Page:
Yesterday, I finished reading Trevor Corson‘s fabulous book The Zen of Fish: The Story of Sushi, from Samurai to Supermarket.
As I mentioned before, this book was both entertaining and educational!
It provides the science and history of sushi — originally fish preserved in rice in the old capital Kyoto where the rice was thrown out before becoming fast food in Edo (now Tokyo) — interwoven through the personal drama of a group of students at the California Sushi Academy.
Here are a few of the interesting things I learned from this book:
- Wasabi at most sushi bars is just normal horseradish colored green. True wasabi is quite rare and expensive and loses its potency when mixed with soy sauce.
- Properly prepared nigiri is eaten with one’s fingers since is very lightly packed (meant to melt in your mouth) and will fall apart if picked up with chopsticks.
- Hard-core sushi aficionados say the fish should never be raw nor should it be completely fresh and should always come served with the right amount of sauce or flavoring; 19th century sushi was never served raw and was always salted and marinated, blanched, or seared before serving.
- Ikura, the Japanese word for salmon roe (eggs), is derived from the Russian word for caviar — ikra.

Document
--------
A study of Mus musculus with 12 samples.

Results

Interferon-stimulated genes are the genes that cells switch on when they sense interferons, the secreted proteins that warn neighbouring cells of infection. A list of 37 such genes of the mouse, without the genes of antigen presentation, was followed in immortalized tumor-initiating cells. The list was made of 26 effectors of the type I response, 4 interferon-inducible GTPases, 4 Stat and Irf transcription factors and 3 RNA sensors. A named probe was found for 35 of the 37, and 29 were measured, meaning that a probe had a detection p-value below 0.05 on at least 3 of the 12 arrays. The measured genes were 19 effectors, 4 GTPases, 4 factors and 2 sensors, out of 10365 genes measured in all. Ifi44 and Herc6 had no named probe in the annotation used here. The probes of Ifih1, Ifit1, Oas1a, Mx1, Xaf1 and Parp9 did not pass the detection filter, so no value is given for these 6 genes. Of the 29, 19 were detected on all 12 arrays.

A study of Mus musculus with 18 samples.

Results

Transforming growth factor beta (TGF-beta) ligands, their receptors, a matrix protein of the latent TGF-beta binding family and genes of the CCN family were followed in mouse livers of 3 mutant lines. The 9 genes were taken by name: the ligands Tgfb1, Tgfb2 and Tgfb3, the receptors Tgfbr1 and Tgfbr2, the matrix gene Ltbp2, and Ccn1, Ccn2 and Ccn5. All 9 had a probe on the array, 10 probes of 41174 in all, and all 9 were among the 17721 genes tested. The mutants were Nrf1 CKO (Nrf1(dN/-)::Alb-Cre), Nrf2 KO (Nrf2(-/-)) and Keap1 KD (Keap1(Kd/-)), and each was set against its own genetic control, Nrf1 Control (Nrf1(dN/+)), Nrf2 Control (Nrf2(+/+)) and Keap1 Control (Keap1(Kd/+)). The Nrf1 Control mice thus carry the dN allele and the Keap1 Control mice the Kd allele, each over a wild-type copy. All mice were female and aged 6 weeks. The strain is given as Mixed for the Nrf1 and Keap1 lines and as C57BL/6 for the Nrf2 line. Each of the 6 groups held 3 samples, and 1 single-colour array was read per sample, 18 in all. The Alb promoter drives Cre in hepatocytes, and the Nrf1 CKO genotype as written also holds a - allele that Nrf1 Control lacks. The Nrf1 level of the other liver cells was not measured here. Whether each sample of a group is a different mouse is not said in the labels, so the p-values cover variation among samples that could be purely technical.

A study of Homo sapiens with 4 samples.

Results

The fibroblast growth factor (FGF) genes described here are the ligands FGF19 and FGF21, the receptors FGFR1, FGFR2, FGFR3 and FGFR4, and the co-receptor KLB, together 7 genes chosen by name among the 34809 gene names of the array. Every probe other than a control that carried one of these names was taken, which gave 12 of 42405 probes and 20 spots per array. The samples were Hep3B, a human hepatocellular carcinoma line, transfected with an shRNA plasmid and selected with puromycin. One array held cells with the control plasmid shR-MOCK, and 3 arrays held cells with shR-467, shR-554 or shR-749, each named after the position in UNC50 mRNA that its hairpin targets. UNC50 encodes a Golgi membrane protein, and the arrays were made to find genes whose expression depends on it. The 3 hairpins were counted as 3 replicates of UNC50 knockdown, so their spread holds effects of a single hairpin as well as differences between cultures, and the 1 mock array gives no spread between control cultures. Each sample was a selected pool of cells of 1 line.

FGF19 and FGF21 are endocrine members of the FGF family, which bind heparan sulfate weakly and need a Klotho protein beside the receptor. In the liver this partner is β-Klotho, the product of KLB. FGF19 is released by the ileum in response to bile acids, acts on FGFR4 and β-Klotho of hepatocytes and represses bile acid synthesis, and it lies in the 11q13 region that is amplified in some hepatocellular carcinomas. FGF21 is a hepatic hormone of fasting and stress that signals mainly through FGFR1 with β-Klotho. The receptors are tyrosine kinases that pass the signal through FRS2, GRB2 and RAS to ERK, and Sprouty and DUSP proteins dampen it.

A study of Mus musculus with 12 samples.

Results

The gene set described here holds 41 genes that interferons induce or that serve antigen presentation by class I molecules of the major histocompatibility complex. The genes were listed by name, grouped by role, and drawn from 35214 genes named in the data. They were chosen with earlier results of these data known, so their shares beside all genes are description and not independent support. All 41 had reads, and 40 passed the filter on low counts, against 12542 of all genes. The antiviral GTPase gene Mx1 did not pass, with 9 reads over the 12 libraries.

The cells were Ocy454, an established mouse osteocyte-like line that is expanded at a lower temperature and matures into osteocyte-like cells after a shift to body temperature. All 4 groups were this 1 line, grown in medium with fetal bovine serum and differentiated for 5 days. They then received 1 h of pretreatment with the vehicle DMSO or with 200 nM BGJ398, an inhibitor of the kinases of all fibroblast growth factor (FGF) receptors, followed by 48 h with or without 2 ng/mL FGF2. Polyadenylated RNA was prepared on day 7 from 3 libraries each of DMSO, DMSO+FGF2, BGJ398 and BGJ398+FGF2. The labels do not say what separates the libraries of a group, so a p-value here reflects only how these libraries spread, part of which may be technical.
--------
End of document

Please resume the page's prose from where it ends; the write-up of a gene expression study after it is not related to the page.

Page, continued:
- Hamachi, which I always thought meant yellowtail means farmed yellowtail these days (or “cultivated” yellowtail). Japanese use different words to describe yellowtail in different stages of development – mojako (1 – 2 inches), wakashi (2 – 6 inches), inada (6 – 16 inches), warasa (16 inches – 2 feet), buri (mature).
- Salmon must be frozen to kill parasites before serving; a freshwater fish, salmon is particularly vulnerable to parasites.
- Wild salmon meat is tough and leaner than farmed salmon; most American’s prefer the fatty, soft meat of farmed salmon; Salmon is very rarely served as sashimi or in sushi in Japan.
- Ama-ebi (raw sweet shrimp), one of my favorite kinds of nigiri, was not served until after World War II.
- The compound that makes fish smell fishy is TMAO losing it’s oxygen and becoming TMA.
- The three ways to order sushi are okimari (meaning “it’s been decided,” this is a pre-fixed meal), okonomi (meaning “as I like it,” where the customer knows what he wants), and omakase (meaning “I leave it to you,” where you simply trust the chef to create a variety of dishes for you based on his knowledge of your preferences and what items are freshest that day); Omakase is thought to be the best way to order.
- Japanese are as intimidated as Westerners of sitting at a sushi bar.
If you love sushi, you will enjoy The Zen of Fish!
To read more about the book, click here to visit the author’s website.